Bob Blackman is MP for Harrow East.
I have worked in local politics for over 30 years: 24 as a councillor leading Brent council, or the Conservative grouping there, and 11 as MP. My seat, Harrow East, is about nine miles away from Chesham and Amersham, with two Conservative constituencies in between – one of them the Prime Minister’s own constituency of Uxbridge and South Ruislip. While Harrow is more suburban than Buckinghamshire, we treasure the fields and green open spaces in the area no less and are no more willing to see them concreted over.
The notion that everyone is Conservative about what they know best is a pretty good summary of the results in the Chesham and Amersham by-election. Given the impression that planning changes would lose them control of development in their green and pleasant land, voters reacted with a protest vote, in good by-election tradition.
This does not mean, however, that locals are opposed to any and every bit of development that happens. Most of my constituents understand that the country needs more homes, and that some development must happen in their area. What they object to is development foisted on them, and which they feel they have no control over. They are worried when even members of our own party say that local democracy will be overruled to force through new development.
The Housing, Communities, and Local Government committee, on which I have sat since 2010, has a Tory majority and yet our report on the upcoming Planning Bill, or at least on those bits of it that have been released to the public or heavily signposted, could be described as “wary”. Many of us do not want to force sprawling new developments on places that cannot cope with them, leaving both new and existing residents badly off in terms of congestion, school places, and access to natural amenity.
The party may find itself at an impasse. We know that the country needs more homes – so people can live closer to the best jobs and afford to buy a home and raise a family. We know that the Conservative Party needs more homes – as homeowners with families always end up being the ones who vote for us. However, if more homes mean building over the landscapes that our voters hold dear, it may risk our core voters in places like Chesham and Amersham turning on us.
I think there’s another way. Earlier this year I contributed to a Policy Exchange paper called Strong Suburbs which outlines an extension to neighbourhood planning called “street plans”. These would allow individual streets, when a large majority of homeowners agree, to give themselves permission to increase the size of their houses. They could add bedrooms for children, granny, or a lodger, or even turn a large semi-detached house into two larger terraced homes. In many areas the value uplift, after building costs, could be several hundred thousand pounds for every homeowner on the street.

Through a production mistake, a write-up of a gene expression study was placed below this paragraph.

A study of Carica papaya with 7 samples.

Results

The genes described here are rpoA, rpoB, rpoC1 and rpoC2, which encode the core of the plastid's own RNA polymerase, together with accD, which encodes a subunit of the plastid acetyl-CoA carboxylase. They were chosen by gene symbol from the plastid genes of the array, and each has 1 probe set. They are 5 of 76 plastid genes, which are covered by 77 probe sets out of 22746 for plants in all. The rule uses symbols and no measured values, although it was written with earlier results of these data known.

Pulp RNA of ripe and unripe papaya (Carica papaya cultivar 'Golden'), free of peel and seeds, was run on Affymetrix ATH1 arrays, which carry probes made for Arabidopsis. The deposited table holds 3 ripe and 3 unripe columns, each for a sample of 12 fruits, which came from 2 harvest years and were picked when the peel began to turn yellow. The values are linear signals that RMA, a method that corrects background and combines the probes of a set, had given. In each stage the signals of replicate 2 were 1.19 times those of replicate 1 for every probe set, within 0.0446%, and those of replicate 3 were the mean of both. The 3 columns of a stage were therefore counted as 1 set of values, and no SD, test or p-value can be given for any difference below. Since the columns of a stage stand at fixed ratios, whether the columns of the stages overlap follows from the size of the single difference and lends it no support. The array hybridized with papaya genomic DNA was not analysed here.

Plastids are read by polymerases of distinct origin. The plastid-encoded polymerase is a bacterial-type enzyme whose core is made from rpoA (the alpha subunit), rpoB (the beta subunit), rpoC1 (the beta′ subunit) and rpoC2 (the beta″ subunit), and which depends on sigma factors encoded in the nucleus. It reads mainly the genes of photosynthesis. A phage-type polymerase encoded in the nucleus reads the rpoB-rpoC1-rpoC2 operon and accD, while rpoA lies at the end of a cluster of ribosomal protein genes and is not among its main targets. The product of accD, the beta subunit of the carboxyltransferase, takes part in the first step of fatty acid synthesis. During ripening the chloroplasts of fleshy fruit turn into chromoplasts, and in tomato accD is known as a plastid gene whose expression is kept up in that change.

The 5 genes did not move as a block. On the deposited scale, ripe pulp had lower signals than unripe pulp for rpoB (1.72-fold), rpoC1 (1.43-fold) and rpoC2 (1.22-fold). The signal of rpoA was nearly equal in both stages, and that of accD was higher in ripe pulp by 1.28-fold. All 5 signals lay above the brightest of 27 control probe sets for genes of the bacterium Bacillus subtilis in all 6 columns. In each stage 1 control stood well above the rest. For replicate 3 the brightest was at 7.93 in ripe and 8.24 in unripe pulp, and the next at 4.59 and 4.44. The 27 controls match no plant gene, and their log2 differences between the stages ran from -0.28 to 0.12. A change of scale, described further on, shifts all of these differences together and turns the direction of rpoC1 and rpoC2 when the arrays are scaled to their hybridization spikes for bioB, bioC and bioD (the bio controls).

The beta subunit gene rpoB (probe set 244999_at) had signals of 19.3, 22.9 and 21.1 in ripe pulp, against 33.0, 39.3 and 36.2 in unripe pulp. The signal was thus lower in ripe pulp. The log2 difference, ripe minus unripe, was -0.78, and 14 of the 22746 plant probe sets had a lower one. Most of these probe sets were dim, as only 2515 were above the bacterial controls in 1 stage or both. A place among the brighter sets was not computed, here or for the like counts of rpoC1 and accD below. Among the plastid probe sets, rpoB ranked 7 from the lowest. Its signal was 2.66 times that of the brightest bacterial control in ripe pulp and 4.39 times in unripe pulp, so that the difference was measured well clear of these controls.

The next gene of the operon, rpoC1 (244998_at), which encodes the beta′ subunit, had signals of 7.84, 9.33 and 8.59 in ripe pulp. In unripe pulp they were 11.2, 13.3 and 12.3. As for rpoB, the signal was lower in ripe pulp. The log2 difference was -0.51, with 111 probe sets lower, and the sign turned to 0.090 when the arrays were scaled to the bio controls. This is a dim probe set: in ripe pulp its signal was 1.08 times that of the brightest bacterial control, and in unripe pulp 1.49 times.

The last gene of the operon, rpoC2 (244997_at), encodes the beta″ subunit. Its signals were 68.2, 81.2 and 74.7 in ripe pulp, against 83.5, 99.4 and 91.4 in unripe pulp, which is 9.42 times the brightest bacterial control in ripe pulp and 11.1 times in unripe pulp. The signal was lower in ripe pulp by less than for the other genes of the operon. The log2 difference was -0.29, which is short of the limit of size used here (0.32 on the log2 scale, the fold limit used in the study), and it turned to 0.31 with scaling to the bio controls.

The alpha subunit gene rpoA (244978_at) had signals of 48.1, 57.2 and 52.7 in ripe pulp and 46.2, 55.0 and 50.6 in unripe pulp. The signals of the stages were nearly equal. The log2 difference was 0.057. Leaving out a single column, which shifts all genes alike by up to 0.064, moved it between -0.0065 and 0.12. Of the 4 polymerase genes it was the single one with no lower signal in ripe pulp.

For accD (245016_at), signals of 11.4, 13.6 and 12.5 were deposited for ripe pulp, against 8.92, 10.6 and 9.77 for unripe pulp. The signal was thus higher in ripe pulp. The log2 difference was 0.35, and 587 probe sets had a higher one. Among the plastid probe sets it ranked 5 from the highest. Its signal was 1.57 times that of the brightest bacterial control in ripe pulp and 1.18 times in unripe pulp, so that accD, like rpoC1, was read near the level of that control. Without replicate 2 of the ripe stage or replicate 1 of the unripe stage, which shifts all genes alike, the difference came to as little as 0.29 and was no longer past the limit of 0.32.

There are encouraging signs that this alternative to towers on the skyline, or building over fields, can carry a wide coalition of supporters. Six Tory MPs, including me and my colleague David Simmonds, whose constituency lies directly between mine and Amersham, have endorsed the idea. So has Tony Burton, the key inventor of neighbourhood planning, and chairman of the London branch of the Campaign to Protect Rural England (CPRE). The idea also boasts the support of the London Forum of Amenity and Civic Societies, with more than 100,000 underlying members. Indeed, CPRE’s Hampshire branch recommended the report as part of its submission for the Winchester local plan.
These point the way to a compromise solution on housing, where we make it easier to build, but give local communities the final say, directly, about what goes where. Streets that want to retain their existing character can vote to do so. Those that opt to build more can do that, reaping the benefits, just as many homes opt for more limited loft extensions under the current system. This means that we will be developing places that are already built on and protecting green fields and other natural spaces. Locals always have the final say and cannot have their wishes overridden by the local council or Westminster.
If the idea works, it will be because it gives full control to the local people who are affected most by development. Instead of bearing only the burden of housing, they share in the benefits it delivers, and control the shape and form it takes. If we give power back to communities in this way, we can create a new generation of homeowners, without letting down our most loyal voters.